Sewbo is getting closer to disrupting the sweatshop

Jon Zornow, the founder of Sewbo, made waves in September after announcing that he had built the first robot to sew a t-shirt without human intervention. Using a robot arm and an automatic sewing machine, Zornow took some carefully prepared material and ran it through a pre-programmed series of moves.

It worked. Out popped a t-shirt.

This seemingly simple process is actually wildly important. As we delve further into the discussion of equality and the future of work it’s important to note that the idea of a robot sewing a t-shirt was pretty fun and cute back in September and is now a major talking point. What happens, the world asks, when the jobs usually associated with developing economies and low paychecks further decimate a community through automation? What happens when it doesn’t matter where a product is made because a robot built it and there is little to no overhead associated with the care and feeding of a robot arm?

The sweatshop populated by humans could become a thing of the past, much like the long haul truck, the taxi, and even the delivery van will soon be human free. What happens when the last human-controlled sewing machine goes silent and all of our clothes are made by robots? Will we put a premium on handmade items? Will wearing human-made jeans be a fashion statement?

Sewing a t-shirt with a robot isn’t easy. The problem, in short, is that humans are better at folding fabrics than robots. It took robotics experts ten years to produce a real laundry-folding robot and it’s still not on the market. Add in the vagaries of sewing on an arm or a hemming a pair of pants and you’ve got a human-rich environment.

“Sewbo is the start-up I’m launching to develop and commercialize automated sewing technology. The $500B global garment industry is totally dependent on manual labor and one of the last major industries to adopt some form of large-scale automation,” said Zornow. “The main hurdles have been technical barriers – previous attempts to automate sewing have attempted to accommodate the complexity of handling fabrics with equally complex machines – this has been a challenging approach that’s produced limited results.”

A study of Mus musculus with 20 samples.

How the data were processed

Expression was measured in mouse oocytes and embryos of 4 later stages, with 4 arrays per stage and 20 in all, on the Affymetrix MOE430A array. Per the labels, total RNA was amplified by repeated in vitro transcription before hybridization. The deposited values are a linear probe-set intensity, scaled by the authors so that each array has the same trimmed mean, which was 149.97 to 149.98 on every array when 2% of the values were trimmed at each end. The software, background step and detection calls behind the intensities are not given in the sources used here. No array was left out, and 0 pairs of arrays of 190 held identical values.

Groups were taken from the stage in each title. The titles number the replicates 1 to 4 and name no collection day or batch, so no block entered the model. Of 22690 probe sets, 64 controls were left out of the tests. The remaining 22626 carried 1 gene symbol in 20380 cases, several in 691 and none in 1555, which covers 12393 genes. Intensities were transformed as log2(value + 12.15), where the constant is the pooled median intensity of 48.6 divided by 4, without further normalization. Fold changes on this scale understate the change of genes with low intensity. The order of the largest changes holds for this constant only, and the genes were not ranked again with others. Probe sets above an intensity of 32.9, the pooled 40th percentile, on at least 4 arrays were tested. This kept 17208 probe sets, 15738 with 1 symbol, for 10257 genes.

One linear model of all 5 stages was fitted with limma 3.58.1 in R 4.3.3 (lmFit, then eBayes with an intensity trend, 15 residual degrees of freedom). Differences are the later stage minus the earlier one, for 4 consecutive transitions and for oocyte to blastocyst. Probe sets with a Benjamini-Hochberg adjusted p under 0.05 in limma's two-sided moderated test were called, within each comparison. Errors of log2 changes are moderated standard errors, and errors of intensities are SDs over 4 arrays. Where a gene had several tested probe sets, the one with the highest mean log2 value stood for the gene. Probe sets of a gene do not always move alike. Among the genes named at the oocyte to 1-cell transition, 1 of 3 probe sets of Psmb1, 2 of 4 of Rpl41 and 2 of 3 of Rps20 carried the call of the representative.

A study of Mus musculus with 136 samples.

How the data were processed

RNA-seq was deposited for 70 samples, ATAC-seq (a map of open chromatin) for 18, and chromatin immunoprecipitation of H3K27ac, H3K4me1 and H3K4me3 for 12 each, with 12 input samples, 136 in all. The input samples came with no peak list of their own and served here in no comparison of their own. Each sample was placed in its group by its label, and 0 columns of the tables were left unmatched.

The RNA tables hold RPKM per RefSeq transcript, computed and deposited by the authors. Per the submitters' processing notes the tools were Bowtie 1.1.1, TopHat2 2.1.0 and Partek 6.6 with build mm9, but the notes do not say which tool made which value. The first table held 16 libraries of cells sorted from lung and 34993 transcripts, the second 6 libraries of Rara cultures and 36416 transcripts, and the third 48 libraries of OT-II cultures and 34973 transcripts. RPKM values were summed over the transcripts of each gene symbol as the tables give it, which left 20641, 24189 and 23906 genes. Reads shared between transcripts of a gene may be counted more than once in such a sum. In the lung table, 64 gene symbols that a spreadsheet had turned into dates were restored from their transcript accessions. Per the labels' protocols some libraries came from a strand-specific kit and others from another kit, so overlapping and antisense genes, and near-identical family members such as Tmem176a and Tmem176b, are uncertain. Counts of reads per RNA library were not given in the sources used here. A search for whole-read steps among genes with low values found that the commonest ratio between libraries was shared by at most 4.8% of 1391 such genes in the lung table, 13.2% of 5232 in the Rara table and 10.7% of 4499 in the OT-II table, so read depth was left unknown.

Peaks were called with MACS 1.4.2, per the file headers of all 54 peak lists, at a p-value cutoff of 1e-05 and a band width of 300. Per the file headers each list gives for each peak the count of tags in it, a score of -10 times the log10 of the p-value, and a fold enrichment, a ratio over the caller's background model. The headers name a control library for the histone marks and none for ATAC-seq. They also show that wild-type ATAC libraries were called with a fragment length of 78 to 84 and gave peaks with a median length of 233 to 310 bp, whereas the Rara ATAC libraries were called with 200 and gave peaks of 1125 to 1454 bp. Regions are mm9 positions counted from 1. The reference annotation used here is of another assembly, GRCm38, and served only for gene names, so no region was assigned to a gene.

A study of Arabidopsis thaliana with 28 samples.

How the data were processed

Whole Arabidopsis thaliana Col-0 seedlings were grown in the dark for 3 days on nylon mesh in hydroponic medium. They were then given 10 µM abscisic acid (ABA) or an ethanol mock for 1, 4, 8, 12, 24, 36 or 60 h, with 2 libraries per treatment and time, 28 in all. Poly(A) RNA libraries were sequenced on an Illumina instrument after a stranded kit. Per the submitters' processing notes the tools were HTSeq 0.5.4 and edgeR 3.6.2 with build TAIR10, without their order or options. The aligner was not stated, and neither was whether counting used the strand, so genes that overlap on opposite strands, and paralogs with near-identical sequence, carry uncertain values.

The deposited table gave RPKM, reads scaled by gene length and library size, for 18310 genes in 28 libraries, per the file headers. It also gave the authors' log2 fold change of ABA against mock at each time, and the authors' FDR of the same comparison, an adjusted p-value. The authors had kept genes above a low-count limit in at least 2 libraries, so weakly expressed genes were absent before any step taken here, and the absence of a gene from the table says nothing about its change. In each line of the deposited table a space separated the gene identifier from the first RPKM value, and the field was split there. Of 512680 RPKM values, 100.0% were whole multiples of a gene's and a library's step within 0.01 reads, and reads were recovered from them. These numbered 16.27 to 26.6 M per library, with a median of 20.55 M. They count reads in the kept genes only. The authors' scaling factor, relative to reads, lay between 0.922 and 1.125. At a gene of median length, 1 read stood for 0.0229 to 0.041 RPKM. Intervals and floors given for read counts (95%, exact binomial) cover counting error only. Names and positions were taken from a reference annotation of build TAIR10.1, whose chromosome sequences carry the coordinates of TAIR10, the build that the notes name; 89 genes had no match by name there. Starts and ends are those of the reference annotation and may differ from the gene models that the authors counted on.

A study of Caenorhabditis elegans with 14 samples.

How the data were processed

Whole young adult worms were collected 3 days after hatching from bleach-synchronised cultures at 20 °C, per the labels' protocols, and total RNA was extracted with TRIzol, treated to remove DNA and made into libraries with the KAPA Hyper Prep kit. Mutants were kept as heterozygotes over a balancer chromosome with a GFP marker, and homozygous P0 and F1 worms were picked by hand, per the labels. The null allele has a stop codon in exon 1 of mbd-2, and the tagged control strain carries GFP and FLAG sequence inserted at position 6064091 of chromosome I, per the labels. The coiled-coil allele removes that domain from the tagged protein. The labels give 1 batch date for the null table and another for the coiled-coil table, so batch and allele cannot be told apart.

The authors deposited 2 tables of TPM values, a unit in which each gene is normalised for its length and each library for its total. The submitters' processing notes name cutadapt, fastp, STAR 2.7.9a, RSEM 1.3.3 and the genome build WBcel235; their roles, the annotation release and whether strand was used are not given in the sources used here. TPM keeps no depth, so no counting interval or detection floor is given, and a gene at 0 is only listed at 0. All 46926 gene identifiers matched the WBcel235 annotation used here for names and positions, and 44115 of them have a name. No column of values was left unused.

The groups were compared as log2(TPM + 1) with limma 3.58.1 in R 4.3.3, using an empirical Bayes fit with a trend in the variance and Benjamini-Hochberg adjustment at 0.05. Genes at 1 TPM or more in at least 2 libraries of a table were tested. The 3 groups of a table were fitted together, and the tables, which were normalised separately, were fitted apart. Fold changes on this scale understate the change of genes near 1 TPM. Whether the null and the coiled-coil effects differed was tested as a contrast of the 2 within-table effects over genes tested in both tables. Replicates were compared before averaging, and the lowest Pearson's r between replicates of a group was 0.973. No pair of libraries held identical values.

Zornow has taken a different approach with his robot. He’s turned floppy material into hard sheeting – with excellent results.

“We temporarily stiffen the fabrics with a water-soluble thermoplastic. Using off-the-shelf industrial robots and tools adapted from handling sheets of metal, cardboard, and plastic, the stiffened fabric can be cut precisely, molded, and welded to itself. It can then be sewn through and rinsed in warm water to produce a finished garment,” he said.

The company is still small and Zornow is looking to build out the team and get some seed funding. The mission, obviously, is to remove the manual labor from clothing manufacturing, a true disruption that could mean the destruction of thousands of jobs. The garment workers of New York, Chicago, London, and all points West were put out of business by globalization. Now, thanks to a robot arm and some water-soluble thermoplastic, the workers who took up their sewing machines may also soon be obsolete.